Directed by Tyrone Acierto
Starring Jean Garcia, Jay Manalo, Junyka Sigrid Santarin
Director Tyrone Acierto’s American film education pays off in spades in Watch Me Kill. (The first dividend is apparent in the facility with which the Columbia College Chicago graduate wields the irony inherent in the English language, with the film’s subtitle “Life Is Precious. Never Kill for Free”.) The plot itself is really just a clothesline upon which to hang the U.S.-based director’s stylistic flourishes: Jean Garcia plays a professional assassin named Luciana, who is hired by crime kingpin Franco (Jay Manalo) to murder a gold panner so he can swipe a diamond the man found. Complications ensue when Luciana stumbles upon a preadolescent girl (Junyka Sigrid Santarin) apparently held captive by her mark, and Franco discovers that the diamond Luciana turned over is actually a quartz pebble. It’s a Western set in the anonymous landscapes of Rizal or Bulacan, stylistically divorced from the messy realities of hired killing in this country. And in Acierto’s assured hand, that’s not automatically a bad thing.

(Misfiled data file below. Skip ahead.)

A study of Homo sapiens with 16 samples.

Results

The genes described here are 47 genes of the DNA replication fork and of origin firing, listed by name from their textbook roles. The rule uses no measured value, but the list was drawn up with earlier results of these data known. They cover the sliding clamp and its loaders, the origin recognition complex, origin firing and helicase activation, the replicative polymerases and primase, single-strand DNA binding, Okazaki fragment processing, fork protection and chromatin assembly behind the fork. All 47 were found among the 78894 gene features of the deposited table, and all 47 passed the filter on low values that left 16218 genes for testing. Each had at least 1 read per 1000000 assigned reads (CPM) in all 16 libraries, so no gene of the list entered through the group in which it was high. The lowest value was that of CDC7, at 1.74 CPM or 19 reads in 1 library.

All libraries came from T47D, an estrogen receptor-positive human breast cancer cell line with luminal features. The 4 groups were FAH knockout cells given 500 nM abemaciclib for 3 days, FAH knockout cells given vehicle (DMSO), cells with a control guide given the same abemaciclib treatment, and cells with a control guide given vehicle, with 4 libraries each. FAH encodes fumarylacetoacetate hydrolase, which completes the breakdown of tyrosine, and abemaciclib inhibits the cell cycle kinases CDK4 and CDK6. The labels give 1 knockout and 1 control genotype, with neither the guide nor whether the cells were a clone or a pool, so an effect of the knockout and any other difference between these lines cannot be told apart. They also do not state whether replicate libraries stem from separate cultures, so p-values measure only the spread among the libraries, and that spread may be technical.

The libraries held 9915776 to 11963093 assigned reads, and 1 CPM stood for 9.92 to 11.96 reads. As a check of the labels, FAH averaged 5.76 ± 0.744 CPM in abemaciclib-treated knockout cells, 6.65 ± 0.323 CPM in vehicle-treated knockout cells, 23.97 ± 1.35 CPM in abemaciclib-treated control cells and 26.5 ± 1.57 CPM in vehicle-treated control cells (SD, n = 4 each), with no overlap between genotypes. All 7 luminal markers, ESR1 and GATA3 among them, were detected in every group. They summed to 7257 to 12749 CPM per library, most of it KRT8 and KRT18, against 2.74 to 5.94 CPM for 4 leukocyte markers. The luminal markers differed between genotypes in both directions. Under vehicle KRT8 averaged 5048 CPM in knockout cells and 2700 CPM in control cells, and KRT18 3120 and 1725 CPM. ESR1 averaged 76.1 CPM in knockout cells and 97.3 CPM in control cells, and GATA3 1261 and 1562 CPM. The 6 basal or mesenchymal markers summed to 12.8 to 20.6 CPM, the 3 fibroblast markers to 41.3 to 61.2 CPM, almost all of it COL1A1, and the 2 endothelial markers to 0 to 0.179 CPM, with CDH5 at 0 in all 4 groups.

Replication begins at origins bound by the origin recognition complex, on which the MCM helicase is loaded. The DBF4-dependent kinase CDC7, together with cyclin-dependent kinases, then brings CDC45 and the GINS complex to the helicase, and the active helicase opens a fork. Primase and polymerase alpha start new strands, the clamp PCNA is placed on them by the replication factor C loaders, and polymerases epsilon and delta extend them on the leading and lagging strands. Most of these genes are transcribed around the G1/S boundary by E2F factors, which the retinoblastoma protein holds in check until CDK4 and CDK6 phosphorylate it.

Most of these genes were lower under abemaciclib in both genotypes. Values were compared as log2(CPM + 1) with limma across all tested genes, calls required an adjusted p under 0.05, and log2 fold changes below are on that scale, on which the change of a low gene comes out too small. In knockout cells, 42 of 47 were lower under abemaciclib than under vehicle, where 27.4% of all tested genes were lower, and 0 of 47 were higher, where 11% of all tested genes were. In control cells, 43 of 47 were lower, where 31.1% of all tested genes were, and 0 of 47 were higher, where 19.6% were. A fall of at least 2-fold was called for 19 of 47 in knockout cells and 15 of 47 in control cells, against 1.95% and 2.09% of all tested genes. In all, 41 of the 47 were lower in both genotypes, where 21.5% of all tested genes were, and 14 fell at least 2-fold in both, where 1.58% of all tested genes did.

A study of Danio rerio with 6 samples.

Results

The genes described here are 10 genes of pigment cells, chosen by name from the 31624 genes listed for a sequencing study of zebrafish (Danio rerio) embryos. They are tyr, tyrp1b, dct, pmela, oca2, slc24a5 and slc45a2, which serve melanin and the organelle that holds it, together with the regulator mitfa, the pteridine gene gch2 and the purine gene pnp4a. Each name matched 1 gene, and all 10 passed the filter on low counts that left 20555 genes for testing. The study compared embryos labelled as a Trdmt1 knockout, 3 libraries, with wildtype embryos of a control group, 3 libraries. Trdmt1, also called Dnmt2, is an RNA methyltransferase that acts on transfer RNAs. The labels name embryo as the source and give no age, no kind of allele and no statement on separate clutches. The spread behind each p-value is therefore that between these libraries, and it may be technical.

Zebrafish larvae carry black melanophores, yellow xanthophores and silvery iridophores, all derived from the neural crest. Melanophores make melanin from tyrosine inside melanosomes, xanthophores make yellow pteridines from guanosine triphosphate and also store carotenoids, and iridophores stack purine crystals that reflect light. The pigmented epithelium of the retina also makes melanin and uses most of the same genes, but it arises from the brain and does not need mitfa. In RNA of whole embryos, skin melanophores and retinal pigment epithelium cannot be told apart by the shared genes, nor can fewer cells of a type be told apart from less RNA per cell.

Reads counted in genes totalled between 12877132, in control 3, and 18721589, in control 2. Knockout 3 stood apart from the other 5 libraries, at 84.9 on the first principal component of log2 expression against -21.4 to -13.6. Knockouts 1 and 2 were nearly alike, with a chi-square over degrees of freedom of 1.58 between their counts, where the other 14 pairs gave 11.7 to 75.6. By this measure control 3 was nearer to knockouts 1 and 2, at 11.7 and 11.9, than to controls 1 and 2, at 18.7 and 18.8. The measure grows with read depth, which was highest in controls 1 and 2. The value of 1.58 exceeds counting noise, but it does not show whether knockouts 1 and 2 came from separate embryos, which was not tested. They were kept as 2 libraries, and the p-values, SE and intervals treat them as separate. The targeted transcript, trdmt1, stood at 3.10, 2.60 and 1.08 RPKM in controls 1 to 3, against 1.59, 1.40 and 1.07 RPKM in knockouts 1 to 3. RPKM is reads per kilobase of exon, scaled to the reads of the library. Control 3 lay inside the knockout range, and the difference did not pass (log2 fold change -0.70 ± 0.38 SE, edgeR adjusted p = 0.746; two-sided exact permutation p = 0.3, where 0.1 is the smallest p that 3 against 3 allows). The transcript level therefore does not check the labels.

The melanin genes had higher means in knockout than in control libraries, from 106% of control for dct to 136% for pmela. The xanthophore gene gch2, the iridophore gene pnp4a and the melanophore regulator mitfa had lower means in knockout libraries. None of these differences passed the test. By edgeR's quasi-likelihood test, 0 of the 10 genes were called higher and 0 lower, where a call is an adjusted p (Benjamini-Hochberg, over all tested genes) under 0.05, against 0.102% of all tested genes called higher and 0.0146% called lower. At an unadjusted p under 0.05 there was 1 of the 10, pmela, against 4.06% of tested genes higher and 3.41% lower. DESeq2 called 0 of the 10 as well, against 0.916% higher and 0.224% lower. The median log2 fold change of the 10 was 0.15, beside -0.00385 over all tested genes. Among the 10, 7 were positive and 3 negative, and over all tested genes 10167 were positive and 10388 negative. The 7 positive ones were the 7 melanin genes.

If only the script itself were as elegant. One minor quibble is Acierto relinquishing the challenge of keeping Jean Garcia’s professional killer unnamed: The archetype of the vulnerable antihero is nothing new, but the more information about its protagonist that the film insists on foisting upon us just reduces her mystery.
The major quibble has to do with Watch Me Kill’s gotcha twist: It is telegraphed by the head-scratching decision of Luciana’s ward to stay with her captor despite being shot in the leg, terrorized with a hail of bullets, and threatened with a knife to the throat. The extreme Stockholm Syndrome just opens up a whole lot of questions which hinder your enjoyment of Acierto’s spare yet slick sensibility.
Its script is the one misstep in Watch Me Kill’s balletic mayhem; I can only imagine what Acierto could show us if he had an airtight diagram.